Mammographic screening at intervals
Mammographic screening at intervals <1.5 years as recommended by the American Cancer Society-rather than every 2 years as recommended by the U.S. Preventive Services Task Force (USPSTF)-may improve breast cancer prognosis. So say the results of a retrospective study presented on Friday, December 6 at the annual meeting of the Radiological Society of North America (RSNA).
Researchers from Northwestern University/Feinberg School of Medicine in Chicago, Ill reviewed records of 332 women with breast cancer identified by screening mammography from 2007 to 2010. The participants were divided into three groups, based on length of time between screening mammograms: <1.5 years (207), 1.5 to 3 years (73), and >3 years (52).
No significant difference was seen between the groups in age, breast density, high-risk status, family history, or index histology. The % stage 0 or 1 cancer and % minimal cancer also did not differ between the groups (P=0.057 and P=0.165, respectively) nor did the size of invasive cancers (ANOVA, P=0.165).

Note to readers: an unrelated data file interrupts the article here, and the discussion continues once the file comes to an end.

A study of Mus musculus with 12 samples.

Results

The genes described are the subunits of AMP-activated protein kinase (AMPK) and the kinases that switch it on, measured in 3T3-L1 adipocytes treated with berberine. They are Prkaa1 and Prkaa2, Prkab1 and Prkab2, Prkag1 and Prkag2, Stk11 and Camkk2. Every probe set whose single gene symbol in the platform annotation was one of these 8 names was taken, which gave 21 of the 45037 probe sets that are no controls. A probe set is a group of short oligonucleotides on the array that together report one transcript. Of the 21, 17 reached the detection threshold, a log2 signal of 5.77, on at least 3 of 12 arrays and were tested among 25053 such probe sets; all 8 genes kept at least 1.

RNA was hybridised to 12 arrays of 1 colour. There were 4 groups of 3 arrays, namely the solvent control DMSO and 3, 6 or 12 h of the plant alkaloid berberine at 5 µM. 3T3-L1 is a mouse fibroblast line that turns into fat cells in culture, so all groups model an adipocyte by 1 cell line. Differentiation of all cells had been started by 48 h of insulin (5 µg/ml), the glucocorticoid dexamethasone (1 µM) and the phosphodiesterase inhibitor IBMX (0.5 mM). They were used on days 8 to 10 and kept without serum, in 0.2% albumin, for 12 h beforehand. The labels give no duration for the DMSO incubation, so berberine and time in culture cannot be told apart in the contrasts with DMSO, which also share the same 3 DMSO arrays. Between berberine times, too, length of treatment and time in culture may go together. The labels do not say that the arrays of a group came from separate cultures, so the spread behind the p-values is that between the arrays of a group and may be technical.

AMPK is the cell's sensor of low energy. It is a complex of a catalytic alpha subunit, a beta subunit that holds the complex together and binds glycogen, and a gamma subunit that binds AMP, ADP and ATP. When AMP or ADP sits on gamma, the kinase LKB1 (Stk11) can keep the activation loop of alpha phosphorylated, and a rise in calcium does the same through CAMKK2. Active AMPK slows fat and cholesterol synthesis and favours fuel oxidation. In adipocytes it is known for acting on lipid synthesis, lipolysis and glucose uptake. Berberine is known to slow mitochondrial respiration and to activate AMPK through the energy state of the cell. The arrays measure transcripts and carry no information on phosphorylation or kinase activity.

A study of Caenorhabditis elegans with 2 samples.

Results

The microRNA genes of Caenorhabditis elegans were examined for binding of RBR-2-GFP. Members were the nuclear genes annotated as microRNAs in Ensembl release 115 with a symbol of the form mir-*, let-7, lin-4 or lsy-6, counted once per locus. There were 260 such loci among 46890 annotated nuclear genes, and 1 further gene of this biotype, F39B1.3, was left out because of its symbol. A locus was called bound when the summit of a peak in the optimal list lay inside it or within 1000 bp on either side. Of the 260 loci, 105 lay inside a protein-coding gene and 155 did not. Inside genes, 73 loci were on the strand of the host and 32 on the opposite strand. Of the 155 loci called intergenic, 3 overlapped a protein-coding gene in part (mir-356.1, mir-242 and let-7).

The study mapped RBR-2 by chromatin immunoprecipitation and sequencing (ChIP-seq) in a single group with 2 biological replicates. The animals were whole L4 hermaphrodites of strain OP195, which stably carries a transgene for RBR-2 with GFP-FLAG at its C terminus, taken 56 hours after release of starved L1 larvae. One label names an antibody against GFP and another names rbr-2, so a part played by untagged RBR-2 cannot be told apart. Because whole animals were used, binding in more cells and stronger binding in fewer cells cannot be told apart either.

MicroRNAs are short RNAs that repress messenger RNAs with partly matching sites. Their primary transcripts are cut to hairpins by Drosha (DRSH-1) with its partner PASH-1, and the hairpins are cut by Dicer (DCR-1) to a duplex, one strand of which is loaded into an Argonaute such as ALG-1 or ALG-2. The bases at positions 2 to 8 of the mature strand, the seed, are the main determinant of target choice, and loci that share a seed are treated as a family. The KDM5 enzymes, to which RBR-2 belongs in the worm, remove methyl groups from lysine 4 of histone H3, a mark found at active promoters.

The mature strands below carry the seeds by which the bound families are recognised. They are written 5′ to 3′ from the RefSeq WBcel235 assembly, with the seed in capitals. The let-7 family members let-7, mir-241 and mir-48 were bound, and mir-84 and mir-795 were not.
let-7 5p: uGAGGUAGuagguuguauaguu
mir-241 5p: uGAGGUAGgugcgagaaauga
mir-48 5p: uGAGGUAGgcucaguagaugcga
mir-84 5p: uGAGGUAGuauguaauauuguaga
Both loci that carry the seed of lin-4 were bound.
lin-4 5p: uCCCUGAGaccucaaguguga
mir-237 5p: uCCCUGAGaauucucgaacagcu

Lymph node positivity, however, was lowest in group 1 (<1.5-year interval) and statistically significantly different from the other two groups (8.7% vs 20.5% and 15.4%; P=0.002). The study authors therefore concluded that screening mammography performed at a shorter interval than the 2 years recommended by the USPSTF significantly reduces the rate of lymph node positivity, and hence, improves patient prognosis.
“Our study looks at what would happen if the revised guidelines issued by USPSTF were followed by women,” said lead author Lilian Wang, MD. “We should be following the guidelines of the American Cancer Society and other organizations, recommending that women undergo annual screening mammography beginning at age 40.”